Articulated: Dispatches from the Archives of American Art


Ben Gillespie, Arlene and Robert Kogod Secretarial Scholar for Oral History
Michelle Herman, Head of Digital Experience
Deanna Luu, Graphic Designer
Musical Theme: “Sound and Smoke," composed by Viet Cuong and performed by the Peabody Wind Ensemble with Harlan Parker conducting

Articulated is supported by the Alice L. Walton Foundation.

  • The diversity, breadth, and ubiquity of New Deal arts projects reveal both the country's sense of what art was and how it should shape the American people. This episode examines cultural democracy, or the role of the arts in civic life and what art means for a nation. While the momentum and volume of New Deal production laid the foundation for a distinct artistic culture in the United States, questions remain as to the distinctiveness of a national arts tradition and Americanness Itself.  

  • The Archives’ debut podcast episode focuses on the New Deal arts initiatives, providing an overview of their major features and a wide perspective on their histories and legacies. Drawing from the Archives’ first and most ambitious oral history collecting drive, the words and experiences of the artists and administrators who made the New Deal happen convey the stakes of these enormous national undertakings, while insight from contemporary experts provides context for the ongoing importance of those initiatives. 

  • Get a sneak peek of what’s in store on Season 1 of Articulated: Dispatches from the Archives of American Art. Set to launch on August 26th (the day that President Franklin Delano Roosevelt sent his letter on the allocation of work relief funds in 1935), the first four episodes examine the New Deal Arts programs which shifted the focus of economic recovery towards employment and national improvement, transforming the New Deal into a lifeline for millions and forever reshaping American culture through direct investment in people. Subsequent episodes will feature the voices and stories of artists who participated in queer activist art groups Fierce Pussy and ACT UP in the late 20th century as they made visible the struggles of the LGBTQ community during the peak of the AIDS crisis.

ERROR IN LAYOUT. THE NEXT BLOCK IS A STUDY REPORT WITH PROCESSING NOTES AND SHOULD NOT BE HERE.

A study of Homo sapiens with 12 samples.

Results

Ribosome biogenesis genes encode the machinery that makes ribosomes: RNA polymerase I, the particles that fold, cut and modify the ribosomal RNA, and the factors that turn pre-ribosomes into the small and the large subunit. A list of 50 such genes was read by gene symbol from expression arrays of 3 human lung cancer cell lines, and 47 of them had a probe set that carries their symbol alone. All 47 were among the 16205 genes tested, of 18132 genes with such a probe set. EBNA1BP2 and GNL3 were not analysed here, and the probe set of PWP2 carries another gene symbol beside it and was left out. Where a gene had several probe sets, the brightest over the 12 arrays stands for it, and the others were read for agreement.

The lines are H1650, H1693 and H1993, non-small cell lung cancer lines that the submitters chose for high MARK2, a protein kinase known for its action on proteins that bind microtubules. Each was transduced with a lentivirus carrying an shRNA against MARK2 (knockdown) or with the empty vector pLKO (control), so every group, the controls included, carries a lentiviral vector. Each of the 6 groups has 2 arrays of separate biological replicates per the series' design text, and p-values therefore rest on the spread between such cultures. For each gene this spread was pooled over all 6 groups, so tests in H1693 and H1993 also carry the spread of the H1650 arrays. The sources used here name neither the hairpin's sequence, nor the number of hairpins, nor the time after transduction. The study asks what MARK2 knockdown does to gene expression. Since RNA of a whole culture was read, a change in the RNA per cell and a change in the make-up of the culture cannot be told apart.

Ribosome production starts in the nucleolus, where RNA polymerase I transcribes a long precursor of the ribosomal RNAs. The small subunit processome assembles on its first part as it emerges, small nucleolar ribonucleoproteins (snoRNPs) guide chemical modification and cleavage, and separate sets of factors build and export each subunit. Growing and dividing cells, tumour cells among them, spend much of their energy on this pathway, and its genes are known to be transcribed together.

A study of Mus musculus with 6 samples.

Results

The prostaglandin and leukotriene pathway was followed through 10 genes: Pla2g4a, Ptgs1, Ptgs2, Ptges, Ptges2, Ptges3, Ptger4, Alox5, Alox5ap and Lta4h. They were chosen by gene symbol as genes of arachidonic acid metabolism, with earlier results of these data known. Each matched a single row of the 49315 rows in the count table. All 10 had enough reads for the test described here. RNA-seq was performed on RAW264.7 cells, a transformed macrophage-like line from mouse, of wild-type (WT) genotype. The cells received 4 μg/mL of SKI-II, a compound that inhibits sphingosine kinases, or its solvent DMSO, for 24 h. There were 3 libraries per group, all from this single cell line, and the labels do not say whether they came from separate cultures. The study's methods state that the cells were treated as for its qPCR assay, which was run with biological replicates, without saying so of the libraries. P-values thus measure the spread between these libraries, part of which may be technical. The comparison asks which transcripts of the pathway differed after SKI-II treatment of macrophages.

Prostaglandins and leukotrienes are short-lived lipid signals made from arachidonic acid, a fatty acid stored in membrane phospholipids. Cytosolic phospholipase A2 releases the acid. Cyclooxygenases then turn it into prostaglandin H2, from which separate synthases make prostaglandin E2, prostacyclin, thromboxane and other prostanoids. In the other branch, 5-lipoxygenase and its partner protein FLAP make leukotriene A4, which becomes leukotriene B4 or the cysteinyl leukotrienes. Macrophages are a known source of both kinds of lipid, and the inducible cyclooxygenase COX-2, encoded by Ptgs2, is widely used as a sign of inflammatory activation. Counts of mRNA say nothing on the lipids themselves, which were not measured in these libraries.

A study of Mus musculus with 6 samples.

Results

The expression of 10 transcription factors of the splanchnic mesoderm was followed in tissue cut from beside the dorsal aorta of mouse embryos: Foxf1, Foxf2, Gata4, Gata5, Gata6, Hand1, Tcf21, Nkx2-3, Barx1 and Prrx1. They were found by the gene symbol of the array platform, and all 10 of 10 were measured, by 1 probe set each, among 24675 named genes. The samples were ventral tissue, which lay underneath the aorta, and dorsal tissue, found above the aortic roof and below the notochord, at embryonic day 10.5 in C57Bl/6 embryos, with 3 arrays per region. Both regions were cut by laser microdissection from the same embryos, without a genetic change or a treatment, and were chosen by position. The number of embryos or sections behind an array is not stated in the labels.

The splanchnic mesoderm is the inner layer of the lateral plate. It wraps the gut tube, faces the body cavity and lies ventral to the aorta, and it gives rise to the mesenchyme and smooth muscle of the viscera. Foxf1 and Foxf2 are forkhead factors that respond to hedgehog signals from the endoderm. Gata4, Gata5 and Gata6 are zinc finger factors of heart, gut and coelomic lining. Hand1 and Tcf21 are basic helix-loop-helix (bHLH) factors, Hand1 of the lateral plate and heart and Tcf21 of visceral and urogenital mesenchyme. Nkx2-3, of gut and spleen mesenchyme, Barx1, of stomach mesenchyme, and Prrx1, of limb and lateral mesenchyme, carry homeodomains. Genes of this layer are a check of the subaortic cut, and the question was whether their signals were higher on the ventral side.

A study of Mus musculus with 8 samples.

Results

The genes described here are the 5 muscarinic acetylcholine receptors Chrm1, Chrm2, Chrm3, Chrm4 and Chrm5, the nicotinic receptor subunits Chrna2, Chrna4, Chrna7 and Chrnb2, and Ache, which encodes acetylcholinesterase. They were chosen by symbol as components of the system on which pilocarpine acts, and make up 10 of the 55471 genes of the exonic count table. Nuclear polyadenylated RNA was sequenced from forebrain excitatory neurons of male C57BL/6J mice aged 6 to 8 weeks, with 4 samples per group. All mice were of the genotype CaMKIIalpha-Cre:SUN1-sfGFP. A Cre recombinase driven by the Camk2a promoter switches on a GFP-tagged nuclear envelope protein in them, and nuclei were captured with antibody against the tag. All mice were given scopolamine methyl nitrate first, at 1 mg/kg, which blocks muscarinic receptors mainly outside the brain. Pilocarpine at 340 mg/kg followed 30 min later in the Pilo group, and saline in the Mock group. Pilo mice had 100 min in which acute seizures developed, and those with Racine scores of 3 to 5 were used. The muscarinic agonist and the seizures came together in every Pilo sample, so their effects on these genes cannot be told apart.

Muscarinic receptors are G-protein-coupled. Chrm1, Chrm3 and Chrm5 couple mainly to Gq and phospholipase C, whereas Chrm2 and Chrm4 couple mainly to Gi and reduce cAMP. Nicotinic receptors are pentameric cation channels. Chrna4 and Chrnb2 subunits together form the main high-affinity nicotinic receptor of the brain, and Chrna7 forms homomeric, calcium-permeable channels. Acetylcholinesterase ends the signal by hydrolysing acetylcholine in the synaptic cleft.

Photograph of an artist's easel side table with paints and other materials
Donating Papers

The Archives of American Art collects primary source materials—original letters, writings, preliminary sketches, scrapbooks, photographs, financial records and the like—that have significant research value for the study of art in America.


Find out how to give your papers, records, recordings, or other primary source material to the Archives of American Art.